Monday, March 19, 2012

Immigrant Ancestor - Sebastian Shawver

My great grandmother had mostly German heritage…her maiden name was Shawver and her mother’s maiden name was Pitsenbarger, both thoroughly of Germanic descent.  Grandma Florence actually had her family line spelled out on a piece of paper from her mother’s line and her father’s line back to their immigrant ancestor.  Her paternal immigrant grandfather arrived on the Eastern Branch on 3 Oct 1753.
Sebastian Shawver or Schauber as it was probably originally spelled was born around 1733 probably in Hesse Darmstadt, Germany.  He arrived in Philadelphia on the Eastern Branch in 1753 captained by James Nevin.  As a 20 year old arriving in Philadelphia, I have to wonder how daunting it must have been to be somewhere away from everything that was familiar and be in a place where most probably didn’t even speak the same language.

Philadelphia was a typical landing spot for many of the German immigrants who arrived on American soil and many families can be traced through the Pennsylvania country between Philadelphia and West Virginia.  Sebastian does not seem to be one of those easily traced; however there is no doubt that he followed the same trail that many other German immigrants did.  Sebastian married Elizabeth Hammer around 1760 in Monroe Co., VA.  She was born sometime between 1730 and 1740 probably in the United States.  In truth, I’ve never read much about her except to know that she preceded Sebastian Shawver in death as she is not mentioned in his will.  They had the following children:
  • Jacob Shawver b. 1761 Monroe Co., VA d. abt 1828 Monroe Co., VA m. Judith Carpenter
  • George Shawver b. 1764 Botetourt Co., VA d. Nov 1849 Fayette Co., VA m. Mary Gillespie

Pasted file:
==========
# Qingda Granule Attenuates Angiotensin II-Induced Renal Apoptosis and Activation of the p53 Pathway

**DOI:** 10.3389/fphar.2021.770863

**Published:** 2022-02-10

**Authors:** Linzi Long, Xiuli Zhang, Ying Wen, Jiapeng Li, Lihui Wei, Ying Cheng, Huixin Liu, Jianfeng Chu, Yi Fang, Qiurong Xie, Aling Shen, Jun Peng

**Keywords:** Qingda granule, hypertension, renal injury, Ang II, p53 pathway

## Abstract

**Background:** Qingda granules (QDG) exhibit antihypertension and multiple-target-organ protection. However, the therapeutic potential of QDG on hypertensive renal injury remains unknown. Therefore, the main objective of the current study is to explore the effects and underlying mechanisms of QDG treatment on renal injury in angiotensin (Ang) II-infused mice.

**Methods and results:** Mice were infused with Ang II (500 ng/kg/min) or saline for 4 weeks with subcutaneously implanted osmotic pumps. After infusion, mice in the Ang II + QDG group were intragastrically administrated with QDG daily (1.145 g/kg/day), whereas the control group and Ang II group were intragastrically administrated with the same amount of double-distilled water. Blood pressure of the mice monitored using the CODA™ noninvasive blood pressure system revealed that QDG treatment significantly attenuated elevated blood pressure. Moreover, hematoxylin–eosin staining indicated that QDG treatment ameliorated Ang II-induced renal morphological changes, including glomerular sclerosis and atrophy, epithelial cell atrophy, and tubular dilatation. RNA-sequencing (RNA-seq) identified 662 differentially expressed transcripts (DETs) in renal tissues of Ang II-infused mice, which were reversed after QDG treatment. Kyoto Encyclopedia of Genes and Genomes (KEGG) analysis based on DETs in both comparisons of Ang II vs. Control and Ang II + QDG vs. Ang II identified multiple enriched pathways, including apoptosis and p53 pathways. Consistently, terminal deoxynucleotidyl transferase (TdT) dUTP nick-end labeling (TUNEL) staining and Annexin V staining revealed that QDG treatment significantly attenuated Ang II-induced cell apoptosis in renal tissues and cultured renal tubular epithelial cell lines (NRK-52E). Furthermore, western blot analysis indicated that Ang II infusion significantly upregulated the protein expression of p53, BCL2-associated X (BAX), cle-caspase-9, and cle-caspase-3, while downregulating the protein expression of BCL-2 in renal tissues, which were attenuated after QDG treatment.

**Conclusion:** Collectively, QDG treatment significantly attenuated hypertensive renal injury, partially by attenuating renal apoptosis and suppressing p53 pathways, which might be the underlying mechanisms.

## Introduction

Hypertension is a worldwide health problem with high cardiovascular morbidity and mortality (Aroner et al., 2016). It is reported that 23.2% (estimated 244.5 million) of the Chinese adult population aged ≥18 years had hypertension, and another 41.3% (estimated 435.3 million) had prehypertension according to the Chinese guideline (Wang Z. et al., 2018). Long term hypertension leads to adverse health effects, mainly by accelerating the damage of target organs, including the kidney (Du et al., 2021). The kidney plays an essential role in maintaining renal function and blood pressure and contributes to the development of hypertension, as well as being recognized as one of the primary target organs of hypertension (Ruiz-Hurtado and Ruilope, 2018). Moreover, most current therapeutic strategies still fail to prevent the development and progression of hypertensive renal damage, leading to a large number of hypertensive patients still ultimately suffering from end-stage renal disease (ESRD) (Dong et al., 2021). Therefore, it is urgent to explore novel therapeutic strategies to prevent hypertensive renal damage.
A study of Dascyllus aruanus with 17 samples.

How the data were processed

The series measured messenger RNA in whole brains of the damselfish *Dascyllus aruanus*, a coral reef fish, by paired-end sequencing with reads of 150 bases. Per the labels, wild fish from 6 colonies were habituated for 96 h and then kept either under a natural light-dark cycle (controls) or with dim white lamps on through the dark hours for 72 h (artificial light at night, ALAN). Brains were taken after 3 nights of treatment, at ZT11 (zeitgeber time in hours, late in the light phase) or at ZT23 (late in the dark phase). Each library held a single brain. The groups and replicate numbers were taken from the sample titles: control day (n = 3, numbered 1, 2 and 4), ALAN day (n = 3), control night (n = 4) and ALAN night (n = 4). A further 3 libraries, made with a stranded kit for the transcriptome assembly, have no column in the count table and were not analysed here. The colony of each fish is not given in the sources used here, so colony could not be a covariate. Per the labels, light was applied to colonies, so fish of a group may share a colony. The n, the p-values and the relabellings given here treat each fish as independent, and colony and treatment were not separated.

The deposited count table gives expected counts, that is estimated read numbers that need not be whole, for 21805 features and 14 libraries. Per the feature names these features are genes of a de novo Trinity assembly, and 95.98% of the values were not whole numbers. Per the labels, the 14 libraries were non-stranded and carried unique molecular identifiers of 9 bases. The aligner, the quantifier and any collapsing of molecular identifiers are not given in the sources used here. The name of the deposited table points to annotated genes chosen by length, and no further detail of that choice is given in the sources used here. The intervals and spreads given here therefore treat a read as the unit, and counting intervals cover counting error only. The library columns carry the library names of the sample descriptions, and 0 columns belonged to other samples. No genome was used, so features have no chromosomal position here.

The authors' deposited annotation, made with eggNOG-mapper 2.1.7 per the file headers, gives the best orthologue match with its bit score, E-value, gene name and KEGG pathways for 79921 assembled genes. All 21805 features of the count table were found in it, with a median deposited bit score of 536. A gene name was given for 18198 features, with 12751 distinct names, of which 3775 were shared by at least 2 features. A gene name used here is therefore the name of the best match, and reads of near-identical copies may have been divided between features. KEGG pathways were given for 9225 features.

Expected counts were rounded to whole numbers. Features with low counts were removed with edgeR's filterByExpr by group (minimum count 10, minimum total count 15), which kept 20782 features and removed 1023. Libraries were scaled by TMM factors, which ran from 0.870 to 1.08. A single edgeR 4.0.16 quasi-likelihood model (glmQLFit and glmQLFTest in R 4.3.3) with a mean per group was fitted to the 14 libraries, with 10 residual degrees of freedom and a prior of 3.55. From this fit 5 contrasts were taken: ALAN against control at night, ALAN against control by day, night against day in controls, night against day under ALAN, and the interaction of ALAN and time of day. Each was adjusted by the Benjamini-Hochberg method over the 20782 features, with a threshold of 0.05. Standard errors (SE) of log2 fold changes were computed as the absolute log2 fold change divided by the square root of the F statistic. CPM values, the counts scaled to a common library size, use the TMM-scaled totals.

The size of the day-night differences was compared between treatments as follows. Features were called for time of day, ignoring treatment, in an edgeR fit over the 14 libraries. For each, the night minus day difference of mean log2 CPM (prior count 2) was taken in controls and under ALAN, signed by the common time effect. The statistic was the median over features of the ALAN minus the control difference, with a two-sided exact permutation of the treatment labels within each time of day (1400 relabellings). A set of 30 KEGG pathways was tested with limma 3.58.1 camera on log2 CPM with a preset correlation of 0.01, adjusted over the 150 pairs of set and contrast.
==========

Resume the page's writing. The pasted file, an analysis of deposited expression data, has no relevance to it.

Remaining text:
• Sarah “Sally” Shawver b. 1766 in Monroe Co., VA d. unknown m. Henry Smith
  • John Shawver b. 1767 in Monroe Co., VA d. bef Jun 1828 in Monroe Co., VA m. Margaret Wylie
  • Barbara Shawver b. 1769 Monroe Co., VA d. abt 1835 m. Charles Rowan
  • Child b. 1771 d. young
  • Elizabeth Shawver b. 1773 Monroe Co., VA d. unknown m. John Harnsberger
  • Christopher Shawver b. 1775 Monroe Co., VA d. 9 Dec 1831 Dodson Twp, Highland Co., OH  m. Mary Ruble m. 2 Elizabeth Harmon

My ancestor was George Shawver and Mary Gillespie through their son Robert S. Shawver.

Sebastian at times was also known as Boston Shawver and this in fact a common name in the family.  I know from family history that the middle names are often the names a German child is known by…so perhaps his full name was Boston Sebastian Shawver.   Anyway, Sebastian signed a will dated Jan 1816 and it was probated on 15 Oct 1816.  Sebastian left his sons land and money and his daughters were given Sebastian’s slaves.  After their deaths, the slaves were to be sold and proceeds to be divided amongst their children.  The will makes me believe that Sebastian had done fairly well for himself and was able to leave his sons land and money and to his daughter’s his slaves. 

Nothing of that inheritance is all that pleasant to read…that of slaves being given to his daughters and being sold at their deaths.  It is ironic that an immigrant who probably arrived with nothing gained enough wealth to own land and slaves and probably saw nothing bad about it as it was such a common practice in that time period. 

So…Sebastian and Elizabeth left behind thousands of descendants who populate at least within my family lines areas in West Virginia, Iowa, Nebraska, Idaho, Montana, Washington, & Oregon as well as many other states.  They would be my sixth great grandparents.  We will probably never know much their actual birth places or certainly their place of burial.  It is impossible for me not to wonder what life must have been like in the 1770’s when they were having their children and war was breaking out around them.  I have to wonder if it even touched them personally and if Sebastian actually might have gone off to fight.  By the time, Sebastian died in 1816, he was an old man of 83 years old who had lived a long life and had been able to see his children grow and have children of their own.  I’m sure he worked hard and was proud to leave a monetary legacy to his children that he never had from his own family.  I may not be entirely proud of the contents of that legacy – but it certainly had to be satisfying to him!